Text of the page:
ATLANTA, Georgia (CNN) -- In making "Into the Wild," Emile Hirsch forded rivers in Alaska, coped with blazing desert
heat and rode raging rapids in the American Southwest.
Emile Hirsch has starred in "The Girl Next Door," "Lords of Dogtown" and now "Into the Wild."
But ask him about a dangerous location he dealt with during the production of the Sean Penn film and he answers, "South
It seems that Hirsch had a couple close calls while shooting scenes on a farm in the other Sunshine State. At one point,
while in a grain elevator set to handle 300-pound loads, Hirsch took out the pin holding the elevator in place. The platform
rose with such speed that it "launched me in the air and shot wood chips all over me" when it hit the top, he recalled.
"Into the Wild," based on Jon Krakauer's bestselling book, is the story of Chris McCandless, whose good-natured restlessness
drove him in search of soul-searching adventure.
As he traveled through the West and Upper Plains on his way to Alaska, McCandless met farm workers, itinerant old hippies,
a philosophical old man and a variety of other people, establishing short-lived relationships as he made his way along the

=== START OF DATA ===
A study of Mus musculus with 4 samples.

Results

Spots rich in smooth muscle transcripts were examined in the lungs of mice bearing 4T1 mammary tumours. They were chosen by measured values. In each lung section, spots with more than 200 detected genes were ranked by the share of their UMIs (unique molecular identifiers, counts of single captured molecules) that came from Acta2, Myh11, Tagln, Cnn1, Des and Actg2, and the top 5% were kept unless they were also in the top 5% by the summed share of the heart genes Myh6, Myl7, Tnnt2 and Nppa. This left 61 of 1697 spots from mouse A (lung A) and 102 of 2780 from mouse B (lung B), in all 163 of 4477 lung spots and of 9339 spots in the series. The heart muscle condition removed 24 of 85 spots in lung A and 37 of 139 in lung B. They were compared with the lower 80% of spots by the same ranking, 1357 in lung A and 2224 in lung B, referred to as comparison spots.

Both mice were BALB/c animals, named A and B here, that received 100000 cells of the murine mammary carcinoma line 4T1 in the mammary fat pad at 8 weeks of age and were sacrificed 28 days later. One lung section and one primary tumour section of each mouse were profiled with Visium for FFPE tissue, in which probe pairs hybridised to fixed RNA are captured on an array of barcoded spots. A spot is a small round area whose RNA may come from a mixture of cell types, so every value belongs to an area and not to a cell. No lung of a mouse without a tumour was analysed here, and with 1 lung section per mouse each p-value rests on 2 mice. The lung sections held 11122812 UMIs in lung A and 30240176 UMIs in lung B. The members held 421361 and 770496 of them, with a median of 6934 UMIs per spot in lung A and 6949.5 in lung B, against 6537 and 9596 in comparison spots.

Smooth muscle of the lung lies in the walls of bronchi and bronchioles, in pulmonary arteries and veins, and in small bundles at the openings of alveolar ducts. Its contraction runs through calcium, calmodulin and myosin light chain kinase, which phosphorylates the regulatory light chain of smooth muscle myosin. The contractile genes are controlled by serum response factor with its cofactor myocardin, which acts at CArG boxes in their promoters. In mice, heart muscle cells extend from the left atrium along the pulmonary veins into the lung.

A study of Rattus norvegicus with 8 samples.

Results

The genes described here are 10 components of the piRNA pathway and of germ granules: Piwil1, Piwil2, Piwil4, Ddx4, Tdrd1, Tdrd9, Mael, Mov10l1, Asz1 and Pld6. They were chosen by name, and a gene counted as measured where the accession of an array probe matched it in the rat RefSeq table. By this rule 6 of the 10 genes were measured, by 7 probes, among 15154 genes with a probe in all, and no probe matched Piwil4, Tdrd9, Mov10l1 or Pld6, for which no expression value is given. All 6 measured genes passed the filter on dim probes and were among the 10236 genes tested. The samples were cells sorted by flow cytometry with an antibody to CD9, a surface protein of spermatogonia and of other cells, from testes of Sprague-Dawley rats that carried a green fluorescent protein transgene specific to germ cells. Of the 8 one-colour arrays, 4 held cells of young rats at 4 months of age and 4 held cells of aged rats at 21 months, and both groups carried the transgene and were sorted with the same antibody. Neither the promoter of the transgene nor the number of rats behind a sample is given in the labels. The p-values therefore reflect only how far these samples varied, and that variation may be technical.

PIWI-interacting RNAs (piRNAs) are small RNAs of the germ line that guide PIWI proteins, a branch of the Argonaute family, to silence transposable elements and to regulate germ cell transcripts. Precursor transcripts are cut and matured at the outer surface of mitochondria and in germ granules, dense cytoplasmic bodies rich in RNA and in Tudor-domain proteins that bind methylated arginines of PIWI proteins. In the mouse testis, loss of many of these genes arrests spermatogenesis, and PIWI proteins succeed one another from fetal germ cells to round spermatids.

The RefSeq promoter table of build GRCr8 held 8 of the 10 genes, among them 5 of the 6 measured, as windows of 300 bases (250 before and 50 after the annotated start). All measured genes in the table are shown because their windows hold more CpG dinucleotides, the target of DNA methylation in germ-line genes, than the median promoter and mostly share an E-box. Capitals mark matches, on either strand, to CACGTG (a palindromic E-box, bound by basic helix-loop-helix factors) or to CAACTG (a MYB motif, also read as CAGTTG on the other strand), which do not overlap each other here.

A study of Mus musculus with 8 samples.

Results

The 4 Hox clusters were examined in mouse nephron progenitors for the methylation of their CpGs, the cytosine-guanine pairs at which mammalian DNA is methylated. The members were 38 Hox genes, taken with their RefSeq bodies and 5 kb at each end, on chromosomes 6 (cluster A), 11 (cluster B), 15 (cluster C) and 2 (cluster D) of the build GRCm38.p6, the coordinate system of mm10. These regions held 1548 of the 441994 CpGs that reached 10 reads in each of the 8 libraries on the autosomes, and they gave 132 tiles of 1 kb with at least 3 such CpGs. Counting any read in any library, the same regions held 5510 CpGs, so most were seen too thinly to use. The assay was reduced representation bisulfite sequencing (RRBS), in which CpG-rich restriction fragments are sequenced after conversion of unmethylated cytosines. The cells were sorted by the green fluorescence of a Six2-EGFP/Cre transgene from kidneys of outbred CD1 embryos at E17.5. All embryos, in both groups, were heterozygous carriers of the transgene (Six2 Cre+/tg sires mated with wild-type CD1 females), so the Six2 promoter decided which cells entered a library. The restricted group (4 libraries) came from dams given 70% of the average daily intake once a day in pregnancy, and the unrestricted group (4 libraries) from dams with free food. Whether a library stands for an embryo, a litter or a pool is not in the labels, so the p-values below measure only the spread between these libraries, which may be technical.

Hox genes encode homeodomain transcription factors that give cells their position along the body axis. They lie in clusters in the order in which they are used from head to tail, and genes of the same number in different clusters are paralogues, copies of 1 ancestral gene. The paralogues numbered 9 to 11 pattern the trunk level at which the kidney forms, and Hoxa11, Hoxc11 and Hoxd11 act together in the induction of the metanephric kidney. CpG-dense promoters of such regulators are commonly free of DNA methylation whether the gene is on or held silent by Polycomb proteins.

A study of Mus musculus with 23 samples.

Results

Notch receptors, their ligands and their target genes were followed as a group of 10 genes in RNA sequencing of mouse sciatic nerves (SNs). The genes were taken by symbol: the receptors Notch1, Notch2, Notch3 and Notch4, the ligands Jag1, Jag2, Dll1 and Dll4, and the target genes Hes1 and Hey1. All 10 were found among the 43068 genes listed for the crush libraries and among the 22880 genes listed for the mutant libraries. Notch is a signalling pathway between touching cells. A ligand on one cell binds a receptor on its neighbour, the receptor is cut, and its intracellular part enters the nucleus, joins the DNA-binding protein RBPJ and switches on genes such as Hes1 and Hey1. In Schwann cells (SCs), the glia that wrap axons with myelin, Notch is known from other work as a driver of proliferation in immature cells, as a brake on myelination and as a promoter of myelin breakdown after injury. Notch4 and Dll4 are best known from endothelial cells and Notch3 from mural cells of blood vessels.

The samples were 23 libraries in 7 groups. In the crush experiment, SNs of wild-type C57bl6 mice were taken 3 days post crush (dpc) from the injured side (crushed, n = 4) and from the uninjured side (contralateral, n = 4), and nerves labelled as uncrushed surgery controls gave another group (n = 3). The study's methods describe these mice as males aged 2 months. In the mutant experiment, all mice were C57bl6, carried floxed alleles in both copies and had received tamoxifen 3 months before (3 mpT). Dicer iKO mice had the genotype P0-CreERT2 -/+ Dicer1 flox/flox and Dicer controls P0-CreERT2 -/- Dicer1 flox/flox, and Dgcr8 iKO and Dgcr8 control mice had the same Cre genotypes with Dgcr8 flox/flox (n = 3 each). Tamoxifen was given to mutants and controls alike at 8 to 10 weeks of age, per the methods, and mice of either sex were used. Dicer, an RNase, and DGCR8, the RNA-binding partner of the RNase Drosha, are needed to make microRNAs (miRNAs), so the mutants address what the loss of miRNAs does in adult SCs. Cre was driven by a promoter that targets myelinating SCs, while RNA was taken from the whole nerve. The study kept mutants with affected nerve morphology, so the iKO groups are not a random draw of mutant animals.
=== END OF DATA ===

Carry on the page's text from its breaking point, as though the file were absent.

"That was part of the commitment of the role," he said.
But the impact of the film went beyond that, the actor said in an interview at CNN Center.
"It's presumptuous to say I am changed," he said, but added that the shock of going from "civilization to the middle of
nowhere" had its effect. "A lot of Hollywood seems pretty ridiculous [now]," he said. "L.A. seems pretty goofy."
Of course, that's nothing like the shock of going from the wilds of Alaska to the green-screened studios of Berlin, Germany,
where he just finished principal photography of next summer's big-budget production of "Speed Racer."
"There was a point where I was sitting in this green cockpit ... strapped in, getting rotated and spun around," he recalls,
"and I was thinking about this: I went from being in the mountains with a big grizzly bear to being strapped in ... I'm not
making it very easy on myself, am I," he recalled.
He describes "Speed Racer," a Wachowski brothers ("The Matrix") film based on the 1960s cartoon as "a really crazy, Andy
Warhol-meets-'Blade Runner' kind of big colors, pop-art, really crazy special effects, very goofy movie."
With "Into the Wild" now safely
in Hirsch's past, what he thinks about -- besides the outdoor travails -- was his work with several notable performers, including
Catherine Keener, Hal Holbrook, William Hurt and Vince Vaughn.
"It was so much fun to go to all of these locations and work with different actors," he says. They didn't work with each
other, he observes, but "I had the experience of being with all of them. I kind of connected them."